Enter the NFL Draft. And the media is filled with the kind of hyperbole that we take pleasure in unmasking.
Had an AFC executive call Aaron Donald the “best D-lineman coming out in the last 10 years.” Buzz is real. Comparative player?John Randle.
— Ian Rapoport (@RapSheet) April 25, 2014
So a reporter gets some juice from an “AFC Executive” who dangles Aaron Donald in the same sentence as John Randle and current dominant DT Geno Atkins. Here is the draft game he is playing: hype someone you DON’T want so his stock rises and gets picked ahead of where YOU pick. And for heaven’s sake, comparing a college player in diapers to Hall of Famer John Randle is the crescendo in hyperbole. The AFC exec is trying to make the case that smaller DTs like Donald can still be dominant, because … the logic continues… if John Randle and Geno Atkins can do it … so can Donald! For the other 99%, the size will matter, but not here!!
Don’t swallow the hype.
Notice the subtle propaganda of mentioning John Randle. The Hall of Famer. Now all of a sudden Donald’s stock is rising because he will be a future Hall of Famer. Puhleez.
And calling Donald the best DT to come out of the Draft in the last 10 years? Better than all of the Pro Bowlers like Atkins, Suh, McCoy, Ngata, Williams.. c’mon.. now you are saying he WILL BE a Hall of Famer.
For starters, we researched Defensive Tackles that are taken in Round 1, and the returns from drafting these players is not pretty. DT is the “man” position where you get beaten to a pulp for 2-3 years before you really have a chance to excel. Then you thrive for a few years and hope to stay healthy. Then your career declines. It is one of the most thankless jobs in all of football. So drafting this position very high in the draft does not make a lot of sense to us from a marginal perspective.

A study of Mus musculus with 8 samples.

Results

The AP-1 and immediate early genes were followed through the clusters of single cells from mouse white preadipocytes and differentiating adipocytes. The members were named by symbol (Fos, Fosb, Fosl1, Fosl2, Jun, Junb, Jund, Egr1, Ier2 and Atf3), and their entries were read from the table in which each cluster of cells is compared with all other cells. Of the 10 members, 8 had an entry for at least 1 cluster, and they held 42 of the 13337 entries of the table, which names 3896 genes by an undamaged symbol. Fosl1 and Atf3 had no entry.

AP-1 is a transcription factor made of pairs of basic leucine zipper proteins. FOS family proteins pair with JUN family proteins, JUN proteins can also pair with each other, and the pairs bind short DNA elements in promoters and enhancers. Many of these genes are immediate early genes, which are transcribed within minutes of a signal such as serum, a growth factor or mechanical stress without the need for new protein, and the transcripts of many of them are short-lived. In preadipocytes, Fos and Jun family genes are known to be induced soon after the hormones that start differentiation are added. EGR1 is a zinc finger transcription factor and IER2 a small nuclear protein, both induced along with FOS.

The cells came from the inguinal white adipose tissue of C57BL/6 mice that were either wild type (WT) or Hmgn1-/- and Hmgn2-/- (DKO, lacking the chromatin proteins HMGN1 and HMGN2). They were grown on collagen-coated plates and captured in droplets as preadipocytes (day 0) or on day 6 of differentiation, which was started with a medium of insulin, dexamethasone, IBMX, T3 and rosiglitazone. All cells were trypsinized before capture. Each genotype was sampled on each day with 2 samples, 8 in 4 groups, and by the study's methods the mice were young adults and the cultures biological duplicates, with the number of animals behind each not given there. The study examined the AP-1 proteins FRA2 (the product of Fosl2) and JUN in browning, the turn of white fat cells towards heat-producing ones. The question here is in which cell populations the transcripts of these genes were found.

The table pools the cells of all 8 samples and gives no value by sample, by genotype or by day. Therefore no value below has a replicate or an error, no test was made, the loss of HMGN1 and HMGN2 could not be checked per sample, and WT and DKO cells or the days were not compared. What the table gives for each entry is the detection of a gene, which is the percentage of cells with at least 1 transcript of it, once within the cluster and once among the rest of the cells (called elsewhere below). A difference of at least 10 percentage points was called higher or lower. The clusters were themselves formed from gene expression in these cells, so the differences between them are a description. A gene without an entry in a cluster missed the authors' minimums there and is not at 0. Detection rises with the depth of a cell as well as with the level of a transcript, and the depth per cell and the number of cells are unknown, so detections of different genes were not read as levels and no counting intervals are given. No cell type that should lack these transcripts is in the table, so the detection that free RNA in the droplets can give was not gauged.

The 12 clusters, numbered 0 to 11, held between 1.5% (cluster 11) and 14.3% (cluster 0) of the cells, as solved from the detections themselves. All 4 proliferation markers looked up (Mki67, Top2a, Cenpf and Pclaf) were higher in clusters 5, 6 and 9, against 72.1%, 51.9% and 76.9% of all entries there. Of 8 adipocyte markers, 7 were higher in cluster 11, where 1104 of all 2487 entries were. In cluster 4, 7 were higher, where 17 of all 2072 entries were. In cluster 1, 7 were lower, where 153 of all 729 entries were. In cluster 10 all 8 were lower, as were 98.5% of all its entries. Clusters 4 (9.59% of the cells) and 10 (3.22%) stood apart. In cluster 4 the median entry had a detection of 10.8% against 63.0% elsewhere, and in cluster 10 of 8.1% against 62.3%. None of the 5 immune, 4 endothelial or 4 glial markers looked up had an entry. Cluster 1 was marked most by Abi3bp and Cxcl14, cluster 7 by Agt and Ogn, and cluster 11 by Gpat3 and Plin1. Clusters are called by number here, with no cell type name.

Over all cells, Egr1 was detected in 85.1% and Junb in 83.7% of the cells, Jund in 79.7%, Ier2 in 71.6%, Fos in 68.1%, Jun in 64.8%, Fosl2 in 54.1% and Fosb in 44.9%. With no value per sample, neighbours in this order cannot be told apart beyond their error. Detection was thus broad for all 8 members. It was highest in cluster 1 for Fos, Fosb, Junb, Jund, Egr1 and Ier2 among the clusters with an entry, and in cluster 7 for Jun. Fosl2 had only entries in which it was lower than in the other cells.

Second, physical limitations are what they are. Most of the time, they limit potential. There are exceptions. Guys like Drew Brees and Russell Wilson are breaking the mold for shorter QBs, but don’t think that because of this it means that others have a solid chance. Very small chance, yes. But the consideration is limited.
Third, our Draft begs to differ on the player. “He’s a poor man’s Sheldon Richardson, but smaller and not as strong,” explains Wonder. Wonder LIKES Donald. As we stated in the previous post, he will be a very good player. But when the hyperbole starts putting this guy in the Top 10, and that the Giants would be crazy to not take him at 12, that is where we respectfully and wholeheartedly disagree. Wonder says that Aaron Donald will be a very good pro, not great. And there is a huge difference. At 12, you draft for great. OR TRADE DOWN. Since GMs overpay to choose, let someone overpay to choose at 12 and get another R2 pick to trade down, IF GREAT IS NOT THERE.
Fourth and last, and the reason why this post was written in the first place, stop with the mainstream media Hall of Fame hype comparison. Let’s do some math here. Donald is being projected as a Top 10 or Top 15 pick, and mentioned side by side with HOF’er John Randle. Why don’t we start comparing the Top 15 players to other HOFers and make this draft the Draft-Of-All-Drafts?! Are we going to see 15 HOFers from this Draft Class? Of course not. Considering that the HOF inducts ~6 per year, and one is an executive (lol, maybe ours being quoted? I think not!), that leaves 5 per class. Assume 2 from R1, 1 from R2, and 2 more from R3+. We actually counted the # of First Round picks that made it to the Hall of Fame. And the # was 104 players in 62 years running. That is ~1.7/year. More players will get voted in, so the estimate of 2 players from each Round 1 on average is a pretty good yardstick. So let’s be responsible and recognize they all can’t be Hall of Famers.